Samstag, 2. Juni 2012

The old European Badger

Sometimes I feel very bad about wild animals. Every day they have to search food on their own, in the winter they don’t even have warm radiators and when they get sick or injured there are no doctors around. Wild animals are very though and – even against all those odds - can become very old. Like that badger (Meles meles) that my friends and I found a few years ago in the forest. Please read more under the cut!

Bone fractures look very interesting, when looking at a dead skeleton, of course. It is astounding that bones even tell you about infections or diseases like cancer. I think this badger had osteoporosis and this not too little…


If you look at the skull you can see that the badger was an older one. How you see that? Badger haves strong jaw muscles and these muscles are fixed on a special bone ridge on the top of the skull. When the badger gets older the bone ridge grows bigger. The bigger the bone ridge as older/stronger the badger.

The bone ridge isn't that big, so I think it was a female badger.

But you can look on its teeth, too. If they are worn down the badger was very old, maybe even a methusalem.

The molars are worn down!

Aaaand last but not least: Another sign if an animal was an older one are the cracks on the skull or on some bones like legs. Contrary to initial thought the cracks on that badger skull dissapear with higher age. But you have to know: Skulls of the marten family never have a lot of cracks anyways.

Another apparent trait of the badger is the lower jaw. When the badger gets older the lower jaw will grow together, so they can’t fall apart anymore like other animal jaws. And the lower jaw is “stuck” with the rest of the skull, so you can’t simply remove it.

Stucks togheter: Skull and lower jaw.

Both jaw pieces are grown togheter. You don't see a big crack anymore.
When I find a dead animal I often ask myself how it lived and how it died. That badger skeleton was lying on the ground in a forest, which is very unusual. Animals who know that their time is ending search for a safe place to die. But when I look on the thigh bone I think the badger got exhausted. I believe it was winter when it died, maybe the badger was looking for some food and its hip joint made so much trouble that it didn’t have enough strength to go home again. So the badger broke down and died. But that’s just a story in my head, only god knows what happened for real. Poor badger…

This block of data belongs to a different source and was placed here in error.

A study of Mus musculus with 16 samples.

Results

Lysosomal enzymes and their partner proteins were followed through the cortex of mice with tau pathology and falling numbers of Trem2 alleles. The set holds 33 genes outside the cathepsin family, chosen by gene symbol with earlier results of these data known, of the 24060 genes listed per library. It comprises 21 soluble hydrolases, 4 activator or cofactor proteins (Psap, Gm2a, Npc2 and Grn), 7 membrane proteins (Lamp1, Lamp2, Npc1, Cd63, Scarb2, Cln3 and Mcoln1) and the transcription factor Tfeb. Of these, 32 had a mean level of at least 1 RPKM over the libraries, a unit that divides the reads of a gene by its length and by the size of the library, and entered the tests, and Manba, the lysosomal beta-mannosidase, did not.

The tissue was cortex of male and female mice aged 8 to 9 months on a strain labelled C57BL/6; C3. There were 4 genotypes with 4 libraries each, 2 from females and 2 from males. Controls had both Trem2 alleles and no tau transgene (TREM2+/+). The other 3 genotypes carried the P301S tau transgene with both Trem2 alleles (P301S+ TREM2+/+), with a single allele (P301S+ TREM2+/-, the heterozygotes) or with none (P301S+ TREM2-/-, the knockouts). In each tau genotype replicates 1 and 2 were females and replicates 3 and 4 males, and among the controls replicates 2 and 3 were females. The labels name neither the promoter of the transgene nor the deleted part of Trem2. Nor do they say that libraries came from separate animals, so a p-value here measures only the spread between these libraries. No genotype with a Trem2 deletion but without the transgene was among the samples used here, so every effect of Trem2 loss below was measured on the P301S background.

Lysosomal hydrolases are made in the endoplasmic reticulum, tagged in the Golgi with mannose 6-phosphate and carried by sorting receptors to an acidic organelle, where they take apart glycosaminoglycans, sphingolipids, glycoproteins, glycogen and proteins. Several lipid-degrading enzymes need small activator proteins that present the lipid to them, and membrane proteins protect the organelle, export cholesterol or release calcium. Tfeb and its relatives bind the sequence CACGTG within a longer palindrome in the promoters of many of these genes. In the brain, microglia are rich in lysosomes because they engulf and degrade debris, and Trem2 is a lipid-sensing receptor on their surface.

In retrospect I could hit myself because I didn’t take all bones of the skeleton with me, ARGH.

7 Kommentare:

  1. Hello Psy, I have found your blog this morning after reading your comment on the roe deer skull on the excellent 'Jake's Bones' blog.

    This is a very interesting article. I have a skeleton of a very old cat with osteoporosis or arthritis, it's rather horrifying to look at the deformed bones and think of the pain that animals (and people of course) must suffer when that condition develops.

    I also have a deformed badger skull which I think would interest you. If you use the Flickr photo sharing site, you can find several pictures of it on there. My user name is SMG_Skullboy. Please do a search for the pictures and take a look!

    Kind regards
    Ric Morris
    Wales, UK.

    1. Hi Ric,

      First: Thank you very much for your comment! It's the very fist comment I got in this new blog, so I'm quite happy. :D And I'm glad that you liked my entry, too!

      Your badger skull looks awesome! Poor badger, that fracture in the jaw must've been very painful. Your juvenile badger skull is cool as well. I never saw such a young one before. You should definitely post your cat bones, too!

      Have a nice day and good luck with the bone hunt!

  2. Interesting entry! It's amazing (and humbling) to see the injuries and hardships that wild animals endure throughout their lives. Your badger reminds me a bit of the old, old opossum that I found -

    This is a great and educational blog, please swing by mine sometime! (It's about dead critters, too.)

    1. Hello Jorie!

      Thank you very much for your kind words, I'm glad you like my blog :)

      Wow, your old opossum looks pitiful, poor opossum! But it's a very interesting skull, too. I like bones and skulls which have damages or injuries, because they tell a (sad) strory. I will put your blog into my favourite links (still don't know about watching people in blogspot).

      Hey, I wish you good luck with the bone hunt as well!